Wednesday, May 11, 2005


SAEN Won't Report Both Sides Of Filibuster Debate

Mark has already addressed the ridiculous illustration on page 3A of Tuesday's SAEN so now I want to address the article that accompanies it by SAEN reporter Gary Martin. The article is about the fight over judicial nominations and the filibuster. Much of the article is spent talking about Priscilla Owens:
Owen was nominated by Bush to serve on the New Orleans-based 5th U.S. Circuit Court of Appeals.

Her nomination was blocked in the 108th Congress when Republicans were unable to end a Democratic filibuster.

Earlier this year, Bush again nominated Owen, a Texas Supreme Court justice and Austin Sunday school teacher.

Mr. Martin spends much of the remainder of his report telling us how bad Democrats and various interest groups think Ms. Owens is. A quote from Senator Schumer:
Sen. Charles Schumer, D-N.Y., said "there is no question that when you look up judicial activist in the dictionary, you see a picture of Priscilla Owen."

She must be an extremist, she teaches Sunday school! Next we get a quote from Texans for Public Justice:
"The opposition to Owen came straight out of the heart of Texas," said Craig McDonald, director of Texans for Public Justice.

McDonald said Owen is "uniquely extreme and uniquely activist" in her opinions that favor big business and anti-abortion and anti-consumer ideologies.

Owen has a penchant to write law from the bench, McDonald charged, "usually on behalf of the powerful and at the expense of the powerless."

Hmmm, still no quotes in support of Ms. Owens. Texans for Public Justice bills itself as non-partisan, but one look at their web site and you can see just how silly that claim is. Among the typical rants about Halliburton and big money donors to Bush (and only Bush, so much for non-partisan) is this quote about Owens:
But the recent nomination of Texas Supreme Court Justice Priscilla Owen to the 5th U.S. Circuit Court of Appeals better echoes Bush's statement on the campaign-trail that his favorite jurists are right-wing Justices Antonin Scalia and Clarence Thomas.

Next Mr. Martin tells us that Texans for Public Justice are working with the Texas Abortion Rights Action League (TARAL) in opposing Owens:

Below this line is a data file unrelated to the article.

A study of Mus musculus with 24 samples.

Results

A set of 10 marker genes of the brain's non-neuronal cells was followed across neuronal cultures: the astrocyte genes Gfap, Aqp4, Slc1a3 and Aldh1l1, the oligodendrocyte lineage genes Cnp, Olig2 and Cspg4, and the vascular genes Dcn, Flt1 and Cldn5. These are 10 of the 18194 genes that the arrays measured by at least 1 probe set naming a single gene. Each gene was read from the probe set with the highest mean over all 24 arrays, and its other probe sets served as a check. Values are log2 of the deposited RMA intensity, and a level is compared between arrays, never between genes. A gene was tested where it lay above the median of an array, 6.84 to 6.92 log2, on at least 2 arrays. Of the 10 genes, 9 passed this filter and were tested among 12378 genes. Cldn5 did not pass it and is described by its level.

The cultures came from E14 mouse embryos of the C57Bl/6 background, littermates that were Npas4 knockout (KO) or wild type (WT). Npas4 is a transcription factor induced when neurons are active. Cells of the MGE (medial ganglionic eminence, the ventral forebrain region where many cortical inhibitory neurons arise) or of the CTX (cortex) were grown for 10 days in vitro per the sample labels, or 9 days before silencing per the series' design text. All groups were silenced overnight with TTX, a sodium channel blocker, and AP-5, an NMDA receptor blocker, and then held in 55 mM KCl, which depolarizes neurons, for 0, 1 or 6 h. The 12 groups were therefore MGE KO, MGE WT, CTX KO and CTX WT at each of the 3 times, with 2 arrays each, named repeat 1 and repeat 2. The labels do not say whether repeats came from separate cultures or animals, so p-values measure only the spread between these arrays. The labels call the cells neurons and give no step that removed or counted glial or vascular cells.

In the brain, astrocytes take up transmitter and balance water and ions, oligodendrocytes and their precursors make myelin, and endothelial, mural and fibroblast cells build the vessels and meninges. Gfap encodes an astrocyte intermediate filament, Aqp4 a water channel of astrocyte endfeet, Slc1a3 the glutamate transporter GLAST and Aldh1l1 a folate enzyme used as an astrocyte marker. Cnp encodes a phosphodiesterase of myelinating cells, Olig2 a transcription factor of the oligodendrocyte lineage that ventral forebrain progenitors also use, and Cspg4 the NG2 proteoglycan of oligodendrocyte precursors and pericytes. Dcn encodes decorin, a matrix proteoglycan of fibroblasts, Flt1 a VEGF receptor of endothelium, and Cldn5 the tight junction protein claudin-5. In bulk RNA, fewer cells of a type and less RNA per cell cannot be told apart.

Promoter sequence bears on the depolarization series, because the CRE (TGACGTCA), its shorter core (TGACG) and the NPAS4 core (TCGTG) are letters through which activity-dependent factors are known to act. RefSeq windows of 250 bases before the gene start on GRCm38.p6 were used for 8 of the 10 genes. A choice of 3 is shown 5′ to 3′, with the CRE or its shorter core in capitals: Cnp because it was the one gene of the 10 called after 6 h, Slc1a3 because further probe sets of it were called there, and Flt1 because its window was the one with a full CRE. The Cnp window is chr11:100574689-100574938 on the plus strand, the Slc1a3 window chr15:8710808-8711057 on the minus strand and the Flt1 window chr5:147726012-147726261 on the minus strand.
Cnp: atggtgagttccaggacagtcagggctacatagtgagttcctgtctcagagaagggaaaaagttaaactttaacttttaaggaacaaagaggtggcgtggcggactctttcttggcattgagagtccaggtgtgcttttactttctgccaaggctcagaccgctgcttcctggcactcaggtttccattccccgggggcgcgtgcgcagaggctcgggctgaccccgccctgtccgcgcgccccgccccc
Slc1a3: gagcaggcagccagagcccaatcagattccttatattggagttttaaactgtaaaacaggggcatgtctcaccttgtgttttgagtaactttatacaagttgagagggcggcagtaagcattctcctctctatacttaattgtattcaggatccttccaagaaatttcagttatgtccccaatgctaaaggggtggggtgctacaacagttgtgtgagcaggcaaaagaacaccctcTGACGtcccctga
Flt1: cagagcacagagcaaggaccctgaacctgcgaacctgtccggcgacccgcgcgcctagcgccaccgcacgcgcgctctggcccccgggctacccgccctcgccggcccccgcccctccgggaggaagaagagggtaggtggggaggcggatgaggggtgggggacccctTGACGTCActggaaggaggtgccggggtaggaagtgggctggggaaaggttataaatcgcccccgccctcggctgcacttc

Texans for Public Justice and the Texas Abortion and Reproductive Rights Action League took part in a news conference to draw attention to Owen's judicial rulings.

I don't think I even have to go to the TARAL web site to prove what side of the aisle they are on, but I will, for your sake. TARAL wants you to oppose a change in Senate rules to end the filibuster against judicial nominees because:
This abuse of power clears the deck for President Bush's ideologically out-of-touch nominees.

Another liberal group and still nothing in support of Ms. Owens. So what is the truth, is Owens an extremist? Do her rulings show her to be "Anti-abortion" as so many claim? Would it surprise you if I told you no? Here is what Powerline had to say about her dissent in In re Jane Doe:
Justice Owen's dissent was quite different. What she objected to was the majority's failure to follow the elementary rules of appellate practice. Appellate courts do not conduct de novo fact finding. They accept the facts as found by the trial court, assuming that there is evidence in the record to support them. Owen's complaint was that the majority disregarded the trial court's express and implied findings of fact, even though those findings were supported in the record. She wrote:

The question in this case is not whether the Court would have ruled differently when confronted with all the evidence that the trial court heard. The question is whether legally sufficient evidence supports the trial court's judgment. The answer to this latter question is yes. Longstanding principles of appellate review and our Texas Constitution do not permit this Court to substitute its judgment for that of the trial court or to ignore the evidence, as it has done.

Justice Owen's dissent also criticized what she considered the undue and unnecessary haste with which the Supreme Court acted. However, unlike Justices Hecht and Abbott, Owen did not address issues of statutory interpretation, and said nothing about bypasses being "rare" or about the burden of proof to which they are subject. Thus, on its face, Gonzales' criticism of "judicial activism" did not apply to Owen's dissent.

More importantly, no one trained in the law would argue that the principles relied on by Justice Owen constitute "judicial activism." On the contrary, showing appropriate deference to the fact findings done by the trial court is fundamental to the appellate process and is a basic component of judicial restraint, not judicial activism. It is deeply ironic that the one case relied on by Justice Owen's critics for the proposition that she is an "activist" is a case in which she voted to affirm the trial court and the Texas Court of Appeals, and deferred to the fact findings made by the trial court.

It is hard to be balanced when you only report the objections of the opposition and fail to include any statements in support from the Republicans. I don't mind having a debate about this Mr. Martin, but let's have a fair one and hear both sides. Is that asking too much?

Note to the SAEN: I'd be happy to put together a report on the fight over filibusters in the Senate that discusses both sides of the issue, fairly, and I won't even charge you for it!